Updated: Dec 7, 2020
Polycystic ovarian syndrome (PCOS) is a complex endocrine condition which can causes distressing symptoms including irregular periods or no periods at all; difficulty getting pregnant; excessive hair growth; acne and thinning hair.
Many of the symptoms of PCOS are caused by excessive androgens - the male sex hormones. Both the adrenal glands and the ovaries can secrete too much of these male sex hormones, but why they do this is not fully understood. There may be some internal factors within the ovary which cause it to secrete more androgens, but there are external factors too. Of critical relevance to nutrition and lifestyle is the role of insulin.
Insulin resistance is more common in women with PCOS than women without PCOS. In most of the population, insulin resistance is linked with overweight and obesity. However, insulin resistance is also observed in lean women and adolescent girls of a “healthy” weight (body mass index of 18.5 to 25kg/m2) with PCOS, suggesting that it is an inherent clinical defect unrelated to weight gain. Insulin resistance is a problem because it can lead to the pancreas producing even more insulin to compensate for the insulin resistance. Too much insulin is called hyperinsulinaemia (literally: too much insulin in the blood). Too much insulin does two particular things which are especially detrimental to PCOS - first it makes the adrenal cortex and ovaries produce more androgens like testosterone- and it also reduces the amount of a steroid binding hormone produced by the liver. Steroid binding hormone globulin (SHBG) usually binds testosterone and reduces its activity in the body. In PCOS, low SBHG is associated with many of the health problems observed in PCOS such as type 2 diabetes, glucose intolerance, obesity, infertility, and cardiovascular disease.
Since insulin plays such a large part in causing the hormone disruption in PCOS, lifestyle management aims to reduce insulin. Critically, insulin is produced in the fasting state (ie when you have not eaten) and also following food or drink intake. For the management of PCOS it’s not known whether the fasting insulin or the after meal insulin is most important. So the safest bet is to address both.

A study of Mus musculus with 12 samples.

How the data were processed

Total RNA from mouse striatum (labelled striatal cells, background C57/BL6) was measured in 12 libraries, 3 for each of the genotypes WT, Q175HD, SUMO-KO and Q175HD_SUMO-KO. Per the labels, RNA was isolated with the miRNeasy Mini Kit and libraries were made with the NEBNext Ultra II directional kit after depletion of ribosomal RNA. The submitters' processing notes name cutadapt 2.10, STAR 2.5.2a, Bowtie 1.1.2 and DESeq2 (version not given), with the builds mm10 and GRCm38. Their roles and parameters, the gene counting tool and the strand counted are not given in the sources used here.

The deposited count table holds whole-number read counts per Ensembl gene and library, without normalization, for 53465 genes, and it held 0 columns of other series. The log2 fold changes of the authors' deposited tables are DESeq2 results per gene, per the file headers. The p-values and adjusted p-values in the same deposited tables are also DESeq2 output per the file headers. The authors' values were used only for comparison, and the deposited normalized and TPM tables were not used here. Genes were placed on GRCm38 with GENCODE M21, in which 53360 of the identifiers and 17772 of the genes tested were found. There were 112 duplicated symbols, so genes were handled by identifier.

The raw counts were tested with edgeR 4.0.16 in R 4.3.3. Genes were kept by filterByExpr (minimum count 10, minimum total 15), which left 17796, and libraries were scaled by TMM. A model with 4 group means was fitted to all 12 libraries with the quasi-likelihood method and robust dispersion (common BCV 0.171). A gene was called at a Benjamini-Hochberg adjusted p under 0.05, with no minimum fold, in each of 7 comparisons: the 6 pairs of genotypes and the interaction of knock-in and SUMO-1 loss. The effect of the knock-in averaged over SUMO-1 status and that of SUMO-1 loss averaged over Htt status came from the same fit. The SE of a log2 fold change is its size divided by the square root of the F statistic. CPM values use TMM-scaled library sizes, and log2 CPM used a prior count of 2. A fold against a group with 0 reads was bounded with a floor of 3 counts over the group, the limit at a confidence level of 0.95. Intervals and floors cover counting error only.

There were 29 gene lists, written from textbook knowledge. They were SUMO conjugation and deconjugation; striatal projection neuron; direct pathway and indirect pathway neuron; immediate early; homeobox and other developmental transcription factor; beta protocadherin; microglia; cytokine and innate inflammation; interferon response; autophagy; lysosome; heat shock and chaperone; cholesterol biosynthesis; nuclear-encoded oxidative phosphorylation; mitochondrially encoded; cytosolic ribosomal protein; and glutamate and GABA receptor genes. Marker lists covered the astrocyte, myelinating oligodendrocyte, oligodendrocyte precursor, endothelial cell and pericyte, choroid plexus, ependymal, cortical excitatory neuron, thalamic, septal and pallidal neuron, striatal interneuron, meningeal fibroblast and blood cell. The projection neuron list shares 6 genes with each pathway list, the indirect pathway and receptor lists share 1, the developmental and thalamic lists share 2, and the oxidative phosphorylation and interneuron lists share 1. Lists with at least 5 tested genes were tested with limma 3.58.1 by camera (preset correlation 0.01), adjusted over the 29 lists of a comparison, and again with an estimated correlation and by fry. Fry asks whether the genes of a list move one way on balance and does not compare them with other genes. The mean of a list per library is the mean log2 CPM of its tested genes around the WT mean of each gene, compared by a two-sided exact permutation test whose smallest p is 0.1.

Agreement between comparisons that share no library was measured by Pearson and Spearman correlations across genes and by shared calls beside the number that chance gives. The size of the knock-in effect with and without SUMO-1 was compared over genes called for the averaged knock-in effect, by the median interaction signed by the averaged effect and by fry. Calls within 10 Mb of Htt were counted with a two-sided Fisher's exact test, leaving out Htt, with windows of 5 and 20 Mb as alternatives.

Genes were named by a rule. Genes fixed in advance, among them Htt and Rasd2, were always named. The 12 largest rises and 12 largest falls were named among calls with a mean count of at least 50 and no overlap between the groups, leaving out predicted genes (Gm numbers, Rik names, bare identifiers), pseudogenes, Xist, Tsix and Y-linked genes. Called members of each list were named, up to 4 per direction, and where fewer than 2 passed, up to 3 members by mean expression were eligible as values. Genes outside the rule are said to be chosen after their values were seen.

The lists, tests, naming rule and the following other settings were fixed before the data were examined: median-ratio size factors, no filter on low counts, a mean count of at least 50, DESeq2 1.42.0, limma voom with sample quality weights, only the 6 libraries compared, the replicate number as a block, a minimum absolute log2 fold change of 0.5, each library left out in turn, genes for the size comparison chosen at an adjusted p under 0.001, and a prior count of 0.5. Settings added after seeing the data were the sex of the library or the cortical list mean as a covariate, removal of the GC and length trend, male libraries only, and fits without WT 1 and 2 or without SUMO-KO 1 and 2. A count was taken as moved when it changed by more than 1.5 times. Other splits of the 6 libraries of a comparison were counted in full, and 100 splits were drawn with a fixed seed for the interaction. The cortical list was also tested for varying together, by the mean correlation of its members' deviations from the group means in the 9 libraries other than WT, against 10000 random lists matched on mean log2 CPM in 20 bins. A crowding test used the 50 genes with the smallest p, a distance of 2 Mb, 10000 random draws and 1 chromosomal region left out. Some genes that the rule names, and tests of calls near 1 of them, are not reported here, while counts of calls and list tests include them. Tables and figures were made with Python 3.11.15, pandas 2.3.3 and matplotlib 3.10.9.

The after-meal insulin is the easiest to change with diet. Low-carbohydrate diets can lower the insulin concentration after a meal though it’s not known how low a person needs to go because there aren’t many studies which measure the insulin after a meal. Nevertheless, a good place to start could be reducing the amount of starchy-carb by about half - and replacing the rest with non-starch vegetables like courgettes, peppers, spinach and broccoli. Replacing refined carbohydrate with higher-fibre less processed alternatives including quinoa, brown rice, kidney beans and lentils can also lower insulin after a meal.
On the other hand, fasting insulin is less related to food intake and may be more difficult to change, even with low-carbohydrate diets. There is some evidence that high fibre diets can lower fasting insulin when compared with refined starch diets.
Switching a meal pattern towards a “big breakfast/small dinner” approach lowers insulin, and improves androgens and SHBG in women with PCOS compared to “small breakfast/big dinner” and this type of dietary pattern is safe to follow and unlikely to have any detrimental effects.
Weight loss is also an important approach for management of PCOS in women who are overweight or obese as weight loss lowers both fasting and after meal insulin. In clinical practice, personalising the diet based on a patient’s preferences is key to ensuring a good quality of life, enjoyment of food and sustainability. Based on the data we have available on reducing carbohydrate and increasing fibre - integrating these approaches into a weight loss programme based on a patients’ tastes and food preferences should be first-line.
We often get a lot of questions about newer approaches to managing PCOS such as time restricted feeding. The truth is we do not have good data yet on whether these approaches could be effective for PCOS, but some studies are underway. Many investigators are urging caution about intermittent fasting and time-restricted feeding as many of the studies have important flaws; and the overall results are not always positive. Similarly, promise has been shown by a dietary supplement called inositol but as with all unregulated supplements it is difficult to know which type of supplement might be effective. Better standardisation and quality trials would help with understand how useful inositol could be in helping women with PCOS.